FIRE JOE MORGAN: Sir, You're Gushing. Please Stop That.




Sir, You're Gushing. Please Stop That.

Thanks to reader Eli for tipping us off to this love letter disguised as a piece of sports journalism. Someone named Mike Downey thinks Cesar Izturis is the best thing since the Spontaneous Multiple Orgasm Machine. What, that hasn't been invented yet? Well, then Izturis must be the best thing ever. Pun headline me, Downey:

Maddux-for-Izturis gives team that glovin' feeling

Thank you. Please continue.

In one of the Cubs' smartest maneuvers of this century, they have found themselves a player who could be a fixture in Wrigley Field's infield for the next five to 10 years.

Um, dude? You've already lost me. You're talking about Cesar Izturis. Little fella. Runs about 5'9", 189. Career OPS+ of 69 (OPS of .634). That guy. Maybe there's been a misunderstanding.

Izturis is a beauty, a gem. Stick him next to third baseman Aramis Ramirez and leave him there daily for the rest of this year. You won't be sorry.

Will I be sorry if he OBPs .302, like he has so far this season with the Dodgers? Or could I possibly regret it if he matches his OBP from last year ... let's see, let me look it up ... also .302? I've neglected to mention, of course, that his Gemminess Factor (GF) is 1.92 x 10^7.

Ronny Cedeno can study him from the dugout or switch to second base. Whatever. A shortstop like this does not come along every day.

Yeah, you probably should bench one of your promising young players to let this black hole suck up at bats. Stunt his development a little, that'll get morale up.

If only the Cubs had had a guy like this at shortstop in Game 6 of that 2003 National League Championship Series, they would have gone on to the World Series that year. Izturis would have vacuumed up that double-play ball that Alex Gonzalez booted and you would have never heard of Steve Bartman or a word about that bloody foul ball ever again.

Well, sure. Alex S. Gonzalez was/is terrible. You know what his career OPS+ is? 79. (A reminder: Izturis Career OPS+: 69).

Some of us believed the Cubs would be lucky to land a far-off future prospect or two while setting Maddux free. So the acquisition of Izturis comes as a pleasant surprise. No, more than pleasant ... a truly delightful surprise.

But enough with the suspense. Do you like the deal or not?

If this kid stays healthy—I know, I know, don't even go there—then the Cubs have acquired a genuine star in the making from the republic of Venezuela's apparently inexhaustible assembly line of shortstops.

So far we've got "genuine star," "delightful surprise," "a gem," and "a beauty." Is this a baseball article or my second grade teacher Miss Nash's weekly progress report on me? (I was very, very good at the second grade. Fucking killed subtraction.)

This makes up for Nomar Garciaparra being let go, for Rafael Furcal getting away because his price was obscenely high. Both those guys can hit with more power than Izturis, but neither can field a lick when compared with him.

Blah blah blah fielding metrics still in their infancy blah blah blah but still:

Rafael Furcal, 2005 FRAR (adjusted for season): 41
Cesar Izturis, 2005 FRAR (season-adjusted, this is the last year Izturis played short): 22

A year ago or so, Izturis looked like the best shortstop in the National League, period.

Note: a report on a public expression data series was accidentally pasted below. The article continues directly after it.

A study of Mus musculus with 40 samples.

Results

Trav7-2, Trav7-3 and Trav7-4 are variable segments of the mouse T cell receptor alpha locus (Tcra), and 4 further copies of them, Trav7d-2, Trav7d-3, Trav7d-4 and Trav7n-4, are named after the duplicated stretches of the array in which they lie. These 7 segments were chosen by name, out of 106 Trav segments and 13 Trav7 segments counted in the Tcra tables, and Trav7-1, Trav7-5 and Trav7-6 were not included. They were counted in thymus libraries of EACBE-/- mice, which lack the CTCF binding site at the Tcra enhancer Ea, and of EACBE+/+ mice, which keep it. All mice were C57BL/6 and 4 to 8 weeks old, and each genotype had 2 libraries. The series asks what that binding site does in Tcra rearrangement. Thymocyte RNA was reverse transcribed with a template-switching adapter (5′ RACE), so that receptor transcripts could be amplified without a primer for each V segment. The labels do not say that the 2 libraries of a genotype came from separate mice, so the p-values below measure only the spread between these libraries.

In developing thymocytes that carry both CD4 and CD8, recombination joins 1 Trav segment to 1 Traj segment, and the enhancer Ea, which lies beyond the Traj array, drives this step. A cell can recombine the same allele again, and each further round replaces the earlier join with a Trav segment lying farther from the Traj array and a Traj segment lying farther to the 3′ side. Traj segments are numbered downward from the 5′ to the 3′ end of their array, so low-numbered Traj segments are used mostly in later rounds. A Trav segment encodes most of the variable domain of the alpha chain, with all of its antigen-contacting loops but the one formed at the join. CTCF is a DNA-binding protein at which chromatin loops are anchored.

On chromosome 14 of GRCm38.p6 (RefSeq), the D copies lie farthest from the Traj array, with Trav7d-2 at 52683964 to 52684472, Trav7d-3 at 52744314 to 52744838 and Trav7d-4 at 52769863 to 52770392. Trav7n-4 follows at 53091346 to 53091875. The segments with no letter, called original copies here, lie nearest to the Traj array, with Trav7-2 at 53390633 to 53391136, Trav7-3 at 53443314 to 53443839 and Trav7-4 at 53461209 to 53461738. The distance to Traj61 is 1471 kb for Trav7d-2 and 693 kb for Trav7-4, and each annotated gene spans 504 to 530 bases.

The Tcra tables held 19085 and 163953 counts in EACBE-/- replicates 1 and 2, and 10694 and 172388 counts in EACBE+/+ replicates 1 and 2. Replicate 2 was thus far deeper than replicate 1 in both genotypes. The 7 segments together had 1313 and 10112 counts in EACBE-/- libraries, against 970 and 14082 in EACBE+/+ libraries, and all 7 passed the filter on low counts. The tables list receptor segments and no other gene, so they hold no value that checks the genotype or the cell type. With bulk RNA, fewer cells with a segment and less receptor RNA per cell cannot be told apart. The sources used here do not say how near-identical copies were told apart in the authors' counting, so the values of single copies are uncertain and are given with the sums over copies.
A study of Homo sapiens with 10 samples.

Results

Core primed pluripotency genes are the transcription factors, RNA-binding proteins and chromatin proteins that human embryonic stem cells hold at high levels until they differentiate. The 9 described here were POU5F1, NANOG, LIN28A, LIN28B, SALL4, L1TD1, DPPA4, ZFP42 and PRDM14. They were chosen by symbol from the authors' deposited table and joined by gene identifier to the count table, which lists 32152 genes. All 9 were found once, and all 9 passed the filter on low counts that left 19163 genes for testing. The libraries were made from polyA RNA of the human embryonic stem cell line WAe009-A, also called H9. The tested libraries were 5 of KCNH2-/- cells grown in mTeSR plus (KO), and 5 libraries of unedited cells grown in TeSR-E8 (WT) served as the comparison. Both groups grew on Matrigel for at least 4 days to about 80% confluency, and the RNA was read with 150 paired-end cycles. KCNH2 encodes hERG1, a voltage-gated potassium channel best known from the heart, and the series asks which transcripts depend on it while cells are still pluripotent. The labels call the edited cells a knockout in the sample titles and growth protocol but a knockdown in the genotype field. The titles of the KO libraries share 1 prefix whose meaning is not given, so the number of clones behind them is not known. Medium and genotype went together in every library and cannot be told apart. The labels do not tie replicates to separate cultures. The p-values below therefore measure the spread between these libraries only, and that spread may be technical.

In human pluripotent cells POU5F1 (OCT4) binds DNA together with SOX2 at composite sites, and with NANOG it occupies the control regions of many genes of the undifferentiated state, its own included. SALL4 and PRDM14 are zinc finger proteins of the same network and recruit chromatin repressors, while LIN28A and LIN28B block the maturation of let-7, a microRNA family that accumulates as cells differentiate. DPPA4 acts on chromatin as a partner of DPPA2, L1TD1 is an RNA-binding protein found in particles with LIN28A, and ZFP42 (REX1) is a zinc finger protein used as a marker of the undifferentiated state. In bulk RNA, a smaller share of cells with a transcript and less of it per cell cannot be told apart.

His batting average through June 1 was .348. He led all of Major League Baseball in hits at that point. He stood second in the All-Star vote only to Garciaparra, who was in Chicago nursing yet another injury and accumulating votes strictly because of his name recognition.

Izturis tapered off after that.

I don't know, maybe because he's just not that good? In his six-year career, Izturis has never:
OBPed above .330
SLGed abbove .381
or hit more than 4(!) home runs in a season.

Then, the master stroke:

A couple of weeks ago, Dodgers manager Grady Little said of Izturis, "Even on nights when he doesn't get any hits, it's like he's driving in runs with his glove. That means as much to us as a guy hitting .350."

Even on nights when he doesn't get any hits (nights which are quite numerous), it's like he's driving in runs with his glove. Except he's not. He's failing to drive in runs at the plate, which is the only place you can actually drive in runs in the non-fictional game of baseball. Unless Izturis is Ozzie Smith in the field, which he is not, he's nothing more than a serviceable major league baseball player.

I just love this Grady Little quote. I can't stop reading it over and over again. "Driving in runs with his glove" means as much as a guy hitting .350. I'm sure Nomar, a guy who was actually hitting near .350 before he got hurt (okay, .327), would be ecstatic to hear that. Can we start arbitrarily saying guys are great "glove RBI"-men now? It could lead to amazing conversations like:

"Man, did you see that RDI that Torii Hunter gloved in the other day?"

"I know, what is that, like his 57th RDIGM (run driven in, glove method) on the year? What a genuinely, delightfully beautiful gemmy star he is!"

And now, Mike Downey, take us home:

Trust me, this kid is going to put the "field" in Wrigley Field.


Labels: ,

posted by Junior  # 6:57 PM
Career EqA: .226
Career -- CAREER -- FRAA as a SS: 5

He would have to knock in a lot more runs with his glove to make up for a .226 EqA.
P.S. You know what's scary? Getting Izturis is actually one of the Cubs' smartest moves of this century.
I'm glad you posted EqA. We should start using that.

For thoroughness ...
Alex S. Gonzalez Career EqA: .236
For dickheadedness ...
Mike Hampton Career EqA: .224
You want dickheadedness? Check this out:

Cesar Izturis Career SLG: .339
Carlos Zambrano Career SLG: .359
Let's not forget that the company that Mike Downey works for owns the Cubs.